Rumour has it Cate Blanchett is in early talks to star in an all-female reboot of Warner Bros. Pictures' Ocean's Eleven, International Business Times reports.
The upcoming film, with the working title Ocean's Ocho, is reportedly the brainchild of director Gary Ross, who brought the idea to director Steven Soderbergh, IndieWire reports. What we know so far is that Ross intends to direct while screenwriter Olivia Milch will pen the script — and it looks set to be full of A-list actresses, including Sandra Bullock.
This is great news. Or is it?
While it's unclear just how much this new film will be leaning on the storyline of the Ocean's trilogy and its male characters, it does highlight a much bigger problem in Hollywood: Simply swapping actors with actresses for roles which were originally written for males is demeaning.
Sure, the male narrative of films like the all-female Ghostbusters reboot or Tilda Swinton in Doctor Strange have been changed, and yes, female characters are increasingly taking on roles that were originally written for men, but is this the equality that we want? Or is it only distracting from the real problem at hand?
I think it's the latter.
We lack diversity in Hollywood, but we also lack great roles for actresses: Hollywood is simply recycling roles instead of actually writing new ones, roles that could be empowering, roles that could explore the female narrative, and roles that could actually make a difference in the industry.
The second issue? Money. Films are big money, and if we're frank, this is all that producers and media executives are concerned with these days, not great (or even good) writing and exceptional acting. But the problem is also a reflection of society as a whole. A recent study on the diversity of film characters found very little change with regards to representation for gender, race and sexuality over the last decade.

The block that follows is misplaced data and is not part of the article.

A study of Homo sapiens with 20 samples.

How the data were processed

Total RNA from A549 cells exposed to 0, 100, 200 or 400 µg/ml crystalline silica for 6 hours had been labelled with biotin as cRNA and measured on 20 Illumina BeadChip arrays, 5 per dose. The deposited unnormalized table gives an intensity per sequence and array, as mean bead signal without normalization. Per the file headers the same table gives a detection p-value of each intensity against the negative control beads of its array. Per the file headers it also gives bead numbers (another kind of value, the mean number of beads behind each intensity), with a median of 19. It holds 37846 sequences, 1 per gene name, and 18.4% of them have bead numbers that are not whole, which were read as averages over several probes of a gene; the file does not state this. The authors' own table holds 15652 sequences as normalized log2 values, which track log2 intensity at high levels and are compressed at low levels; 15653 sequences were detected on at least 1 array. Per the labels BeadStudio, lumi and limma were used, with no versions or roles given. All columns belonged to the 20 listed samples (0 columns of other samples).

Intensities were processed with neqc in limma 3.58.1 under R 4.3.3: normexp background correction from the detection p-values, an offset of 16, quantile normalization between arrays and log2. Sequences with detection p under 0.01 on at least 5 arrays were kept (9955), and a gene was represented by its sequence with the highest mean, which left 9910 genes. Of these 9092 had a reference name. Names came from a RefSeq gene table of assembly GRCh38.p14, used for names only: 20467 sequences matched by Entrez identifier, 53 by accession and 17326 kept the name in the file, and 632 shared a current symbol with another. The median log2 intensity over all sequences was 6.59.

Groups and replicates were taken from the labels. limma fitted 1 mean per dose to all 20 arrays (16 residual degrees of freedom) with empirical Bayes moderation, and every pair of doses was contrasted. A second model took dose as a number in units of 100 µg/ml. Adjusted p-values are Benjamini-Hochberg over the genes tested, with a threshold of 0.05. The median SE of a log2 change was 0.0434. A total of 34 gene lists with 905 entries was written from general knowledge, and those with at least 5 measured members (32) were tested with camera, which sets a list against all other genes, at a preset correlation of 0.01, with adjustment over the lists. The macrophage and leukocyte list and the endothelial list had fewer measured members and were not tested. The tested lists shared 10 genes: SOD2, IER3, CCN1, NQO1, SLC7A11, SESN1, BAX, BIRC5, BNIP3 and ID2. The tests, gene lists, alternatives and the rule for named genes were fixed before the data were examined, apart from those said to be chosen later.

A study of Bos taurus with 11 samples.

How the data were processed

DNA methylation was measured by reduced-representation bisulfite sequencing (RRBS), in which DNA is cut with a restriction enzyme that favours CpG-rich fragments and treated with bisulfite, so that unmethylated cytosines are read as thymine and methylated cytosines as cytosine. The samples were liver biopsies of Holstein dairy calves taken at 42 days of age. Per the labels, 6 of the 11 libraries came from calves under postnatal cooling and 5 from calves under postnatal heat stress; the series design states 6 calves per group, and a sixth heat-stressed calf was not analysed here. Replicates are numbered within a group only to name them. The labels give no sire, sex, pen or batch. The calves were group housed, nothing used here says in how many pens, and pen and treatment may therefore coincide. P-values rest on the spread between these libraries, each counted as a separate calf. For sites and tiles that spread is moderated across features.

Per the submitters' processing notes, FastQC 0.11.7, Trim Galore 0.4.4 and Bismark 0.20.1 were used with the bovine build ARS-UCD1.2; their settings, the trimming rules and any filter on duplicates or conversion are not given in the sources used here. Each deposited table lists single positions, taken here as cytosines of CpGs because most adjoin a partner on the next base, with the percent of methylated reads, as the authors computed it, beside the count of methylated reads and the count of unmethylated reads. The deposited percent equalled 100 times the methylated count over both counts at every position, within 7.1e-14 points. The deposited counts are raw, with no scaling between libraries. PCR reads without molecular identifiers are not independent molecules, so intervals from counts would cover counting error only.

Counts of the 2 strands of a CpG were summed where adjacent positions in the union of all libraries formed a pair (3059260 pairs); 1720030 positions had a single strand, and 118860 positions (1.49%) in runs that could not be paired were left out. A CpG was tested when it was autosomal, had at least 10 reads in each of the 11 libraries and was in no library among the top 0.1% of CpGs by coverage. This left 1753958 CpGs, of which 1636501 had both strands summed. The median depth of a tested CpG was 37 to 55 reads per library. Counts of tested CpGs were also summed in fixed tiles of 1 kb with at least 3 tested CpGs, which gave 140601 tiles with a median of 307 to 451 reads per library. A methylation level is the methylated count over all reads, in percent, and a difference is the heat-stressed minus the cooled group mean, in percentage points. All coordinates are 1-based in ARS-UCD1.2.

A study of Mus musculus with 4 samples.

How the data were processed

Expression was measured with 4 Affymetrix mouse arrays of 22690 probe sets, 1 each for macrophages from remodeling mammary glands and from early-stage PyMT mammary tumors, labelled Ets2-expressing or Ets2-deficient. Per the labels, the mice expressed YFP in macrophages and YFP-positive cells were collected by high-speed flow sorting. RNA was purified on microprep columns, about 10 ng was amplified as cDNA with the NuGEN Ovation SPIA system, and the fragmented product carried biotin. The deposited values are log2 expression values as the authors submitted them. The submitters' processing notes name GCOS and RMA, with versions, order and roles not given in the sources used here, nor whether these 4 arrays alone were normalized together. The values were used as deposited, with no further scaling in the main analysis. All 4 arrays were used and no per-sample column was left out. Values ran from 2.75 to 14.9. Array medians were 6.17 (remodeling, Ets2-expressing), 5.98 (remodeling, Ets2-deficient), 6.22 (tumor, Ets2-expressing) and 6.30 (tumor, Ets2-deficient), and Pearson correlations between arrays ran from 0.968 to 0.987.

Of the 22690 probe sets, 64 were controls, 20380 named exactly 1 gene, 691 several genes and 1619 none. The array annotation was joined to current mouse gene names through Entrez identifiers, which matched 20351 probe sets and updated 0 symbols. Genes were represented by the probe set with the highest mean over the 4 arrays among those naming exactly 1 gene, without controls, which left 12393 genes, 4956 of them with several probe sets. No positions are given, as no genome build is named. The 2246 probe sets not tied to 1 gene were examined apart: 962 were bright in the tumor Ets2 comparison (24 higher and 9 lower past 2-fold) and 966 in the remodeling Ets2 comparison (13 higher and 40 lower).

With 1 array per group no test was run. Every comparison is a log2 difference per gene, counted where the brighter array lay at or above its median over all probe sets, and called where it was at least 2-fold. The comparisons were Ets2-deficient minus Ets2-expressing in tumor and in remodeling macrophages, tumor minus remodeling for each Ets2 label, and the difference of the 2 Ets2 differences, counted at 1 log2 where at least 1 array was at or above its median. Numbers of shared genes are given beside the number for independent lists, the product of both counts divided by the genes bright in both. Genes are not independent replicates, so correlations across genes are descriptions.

According to The Guardian, researchers at the University of Southern California studied the 100 top-grossing films of each year in the United States between 2007 and 2014 (excluding 2011), and what they found was disappointing: Out of the 30,885 characters that appeared on screen, only 30.2 percent were female.
Plus, movies are still being sold on the basis of a star's sex appeal, with the research showing that in 2014, more women showed nudity in films than men (26.4 percent of female characters opposed to just 9.1 percent of men).
Will money, sex and power dominate the entertainment industry forever? We can't simply hope not; we must act by supporting writers, directors and films that seek to change the landscape of cinema for the better. And who knows? Maybe one day our kids will grow up watching movies that don't skew their perception of the real world to such an extent as they do today.